The United States Small Business Administration is currently providing resources for small businesses that have been negatively impacted by the current Coronavirus epidemic. These resources include loans that can help small businesses stay afloat during this uncertain time.
What happens when the pandemic is over? It is essential to understand what the help you receive now means for your business later on.
The Purpose of Small Business Administration Resources
The compilation of resources put together for small businesses is in an effort to keep those non-essential businesses afloat. At the same time, employees can stay home to assist in preventing the spread of the Coronavirus.
Paycheck Protection Program
The Small Business Administration has allotted $349 billion toward job retention and other allowable expenses through the Paycheck Protection Program.
The program is designed to allow small businesses to keep their employees on the payroll by allowing loans up to $10 million to pay for salary, rent or mortgage, and utilities. If all of the employees are kept on the payroll of the business for eight weeks, the Small Business Administration will forgive part up to all of the loan.
Small businesses, eligible non-profits, Veteran organizations, sole proprietorships, self-employed, Tribal concerns, and independent contractors are welcome to apply.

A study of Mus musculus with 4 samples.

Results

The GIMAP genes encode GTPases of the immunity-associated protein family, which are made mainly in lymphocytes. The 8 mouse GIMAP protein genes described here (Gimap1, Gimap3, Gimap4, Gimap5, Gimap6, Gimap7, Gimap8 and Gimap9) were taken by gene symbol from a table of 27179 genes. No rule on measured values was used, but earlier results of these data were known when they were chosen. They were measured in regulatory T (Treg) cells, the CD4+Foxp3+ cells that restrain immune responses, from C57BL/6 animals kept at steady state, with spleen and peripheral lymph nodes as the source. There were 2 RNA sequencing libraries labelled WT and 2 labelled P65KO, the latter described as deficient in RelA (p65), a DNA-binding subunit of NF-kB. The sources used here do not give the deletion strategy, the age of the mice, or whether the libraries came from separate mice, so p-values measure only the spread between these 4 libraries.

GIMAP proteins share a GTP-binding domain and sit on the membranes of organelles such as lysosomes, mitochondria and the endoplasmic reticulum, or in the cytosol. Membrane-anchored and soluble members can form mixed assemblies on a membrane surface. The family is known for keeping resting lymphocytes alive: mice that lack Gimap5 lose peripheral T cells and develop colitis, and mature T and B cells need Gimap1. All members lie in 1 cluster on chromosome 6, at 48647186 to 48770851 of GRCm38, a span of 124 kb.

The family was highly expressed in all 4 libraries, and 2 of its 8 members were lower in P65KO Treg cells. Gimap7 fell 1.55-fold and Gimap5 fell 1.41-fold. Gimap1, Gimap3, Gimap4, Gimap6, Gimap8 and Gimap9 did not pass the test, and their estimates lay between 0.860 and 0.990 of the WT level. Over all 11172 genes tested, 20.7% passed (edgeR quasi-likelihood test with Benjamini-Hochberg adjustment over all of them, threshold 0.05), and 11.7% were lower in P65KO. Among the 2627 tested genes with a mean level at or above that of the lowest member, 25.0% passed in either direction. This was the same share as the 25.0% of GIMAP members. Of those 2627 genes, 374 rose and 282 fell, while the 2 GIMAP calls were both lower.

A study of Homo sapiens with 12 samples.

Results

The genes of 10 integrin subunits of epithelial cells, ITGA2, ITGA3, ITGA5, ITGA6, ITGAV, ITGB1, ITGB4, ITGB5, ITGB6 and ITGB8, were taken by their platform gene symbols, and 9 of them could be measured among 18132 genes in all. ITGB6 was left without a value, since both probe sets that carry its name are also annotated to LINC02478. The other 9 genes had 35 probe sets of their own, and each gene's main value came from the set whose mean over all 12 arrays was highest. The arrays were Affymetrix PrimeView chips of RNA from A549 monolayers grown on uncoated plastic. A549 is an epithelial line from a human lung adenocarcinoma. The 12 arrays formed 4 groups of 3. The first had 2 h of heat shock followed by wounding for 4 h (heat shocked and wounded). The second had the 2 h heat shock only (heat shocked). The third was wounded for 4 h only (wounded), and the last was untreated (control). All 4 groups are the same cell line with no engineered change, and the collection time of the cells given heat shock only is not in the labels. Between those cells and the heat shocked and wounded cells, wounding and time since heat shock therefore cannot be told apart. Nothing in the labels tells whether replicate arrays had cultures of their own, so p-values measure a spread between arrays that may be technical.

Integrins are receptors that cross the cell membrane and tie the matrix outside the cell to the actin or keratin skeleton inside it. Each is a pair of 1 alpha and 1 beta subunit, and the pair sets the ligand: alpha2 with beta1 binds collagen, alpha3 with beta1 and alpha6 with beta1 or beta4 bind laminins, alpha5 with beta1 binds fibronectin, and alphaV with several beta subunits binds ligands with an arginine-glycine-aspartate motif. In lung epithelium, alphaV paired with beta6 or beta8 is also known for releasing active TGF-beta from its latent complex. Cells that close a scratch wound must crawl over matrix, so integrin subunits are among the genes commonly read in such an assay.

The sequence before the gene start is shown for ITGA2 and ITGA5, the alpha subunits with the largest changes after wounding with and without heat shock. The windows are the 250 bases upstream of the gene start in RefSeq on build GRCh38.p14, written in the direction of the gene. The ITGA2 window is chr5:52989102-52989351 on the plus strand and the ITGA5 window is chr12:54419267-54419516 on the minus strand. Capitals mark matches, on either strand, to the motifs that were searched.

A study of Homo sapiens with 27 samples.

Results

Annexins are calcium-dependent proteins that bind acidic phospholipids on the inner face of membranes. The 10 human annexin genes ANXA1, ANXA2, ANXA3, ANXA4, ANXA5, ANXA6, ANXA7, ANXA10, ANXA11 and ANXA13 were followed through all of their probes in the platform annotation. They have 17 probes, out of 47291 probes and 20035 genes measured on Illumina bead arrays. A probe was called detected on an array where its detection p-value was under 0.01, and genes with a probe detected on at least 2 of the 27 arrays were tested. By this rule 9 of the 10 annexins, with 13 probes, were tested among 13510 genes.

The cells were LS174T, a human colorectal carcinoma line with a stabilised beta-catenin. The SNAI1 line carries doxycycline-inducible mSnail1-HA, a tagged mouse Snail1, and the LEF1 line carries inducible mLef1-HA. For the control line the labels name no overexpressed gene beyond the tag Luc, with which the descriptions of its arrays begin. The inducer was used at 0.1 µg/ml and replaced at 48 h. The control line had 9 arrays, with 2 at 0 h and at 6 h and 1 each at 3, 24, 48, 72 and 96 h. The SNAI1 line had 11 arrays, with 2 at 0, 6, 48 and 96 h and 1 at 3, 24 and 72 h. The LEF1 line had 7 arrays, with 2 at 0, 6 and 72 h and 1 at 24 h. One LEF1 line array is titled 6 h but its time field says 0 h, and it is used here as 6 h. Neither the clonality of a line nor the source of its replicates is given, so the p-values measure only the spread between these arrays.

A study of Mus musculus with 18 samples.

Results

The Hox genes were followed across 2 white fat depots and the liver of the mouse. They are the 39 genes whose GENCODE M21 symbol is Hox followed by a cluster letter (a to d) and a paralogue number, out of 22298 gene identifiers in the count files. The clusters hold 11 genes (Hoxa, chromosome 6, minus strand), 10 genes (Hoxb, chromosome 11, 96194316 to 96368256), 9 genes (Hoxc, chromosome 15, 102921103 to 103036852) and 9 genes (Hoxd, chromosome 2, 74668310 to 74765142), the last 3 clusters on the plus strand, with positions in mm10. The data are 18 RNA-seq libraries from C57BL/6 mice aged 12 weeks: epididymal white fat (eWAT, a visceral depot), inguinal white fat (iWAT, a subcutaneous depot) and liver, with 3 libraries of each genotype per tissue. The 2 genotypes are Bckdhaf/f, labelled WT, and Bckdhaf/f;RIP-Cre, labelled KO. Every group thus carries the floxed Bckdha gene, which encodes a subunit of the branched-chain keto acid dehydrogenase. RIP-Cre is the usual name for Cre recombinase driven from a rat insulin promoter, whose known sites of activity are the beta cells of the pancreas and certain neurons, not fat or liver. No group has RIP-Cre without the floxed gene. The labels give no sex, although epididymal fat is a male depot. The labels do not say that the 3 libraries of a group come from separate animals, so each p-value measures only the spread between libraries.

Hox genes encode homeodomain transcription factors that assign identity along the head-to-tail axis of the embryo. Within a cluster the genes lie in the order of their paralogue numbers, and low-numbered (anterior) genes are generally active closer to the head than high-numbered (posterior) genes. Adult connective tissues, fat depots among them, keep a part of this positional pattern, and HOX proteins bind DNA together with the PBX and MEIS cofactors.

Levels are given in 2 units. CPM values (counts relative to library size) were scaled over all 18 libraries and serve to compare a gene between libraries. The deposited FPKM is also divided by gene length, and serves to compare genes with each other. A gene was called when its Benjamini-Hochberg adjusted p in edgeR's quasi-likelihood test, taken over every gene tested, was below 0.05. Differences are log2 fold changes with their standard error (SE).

Economic Injury Disaster Loans and Advances
Small businesses in the United States (including D.C. and territories) are eligible to apply for an Economic Injury Disaster Loan advance. The amount is capped at $10,000. The loan advance will be made available to qualified small businesses within three days of successful application. This advance will not have to be repaid.
Small Business Administration Express Bridge Loans
A pilot program that has been launched to allow Small Business Administration Express Lenders the authority to expedite the availability of SBA-guaranteed financing. This funding is on an emergency basis for small businesses that are suffering from disaster-related economic hardships. This is to aid small businesses who have applied for long-term funding but are awaiting approval.
These bridge loans offer funding up to $25,000. This will be repaid in full or in part by proceeds from the Economic Injury Disaster Loan.
Extra Resources and Guidelines for Small Business
The Center for Disease Control and Prevention (CDC) has the most up-to-date information available on the Coronavirus. They offer various guides for different sectors within the community.
The CDC has compiled a guide to help prevent the spread of COVID-19 and to reduce the worry of discrimination in the workplace. CDC’s Guidance for Businesses and Employers provides all the information a small business owner needs to protect their business and community.
An extra resource available comes from the President. The President has outlined a 15-day plan to slow the spread of the virus.
Use Resources Wisely
The recommendation is that if your business does not need the assistance, don’t use it. You have to make sure that you are reading all of the terms of the help you are applying for. Some require repayment within a certain number of months.
Be wise in your business endeavors, and make sure you are keeping your employees and the community safe.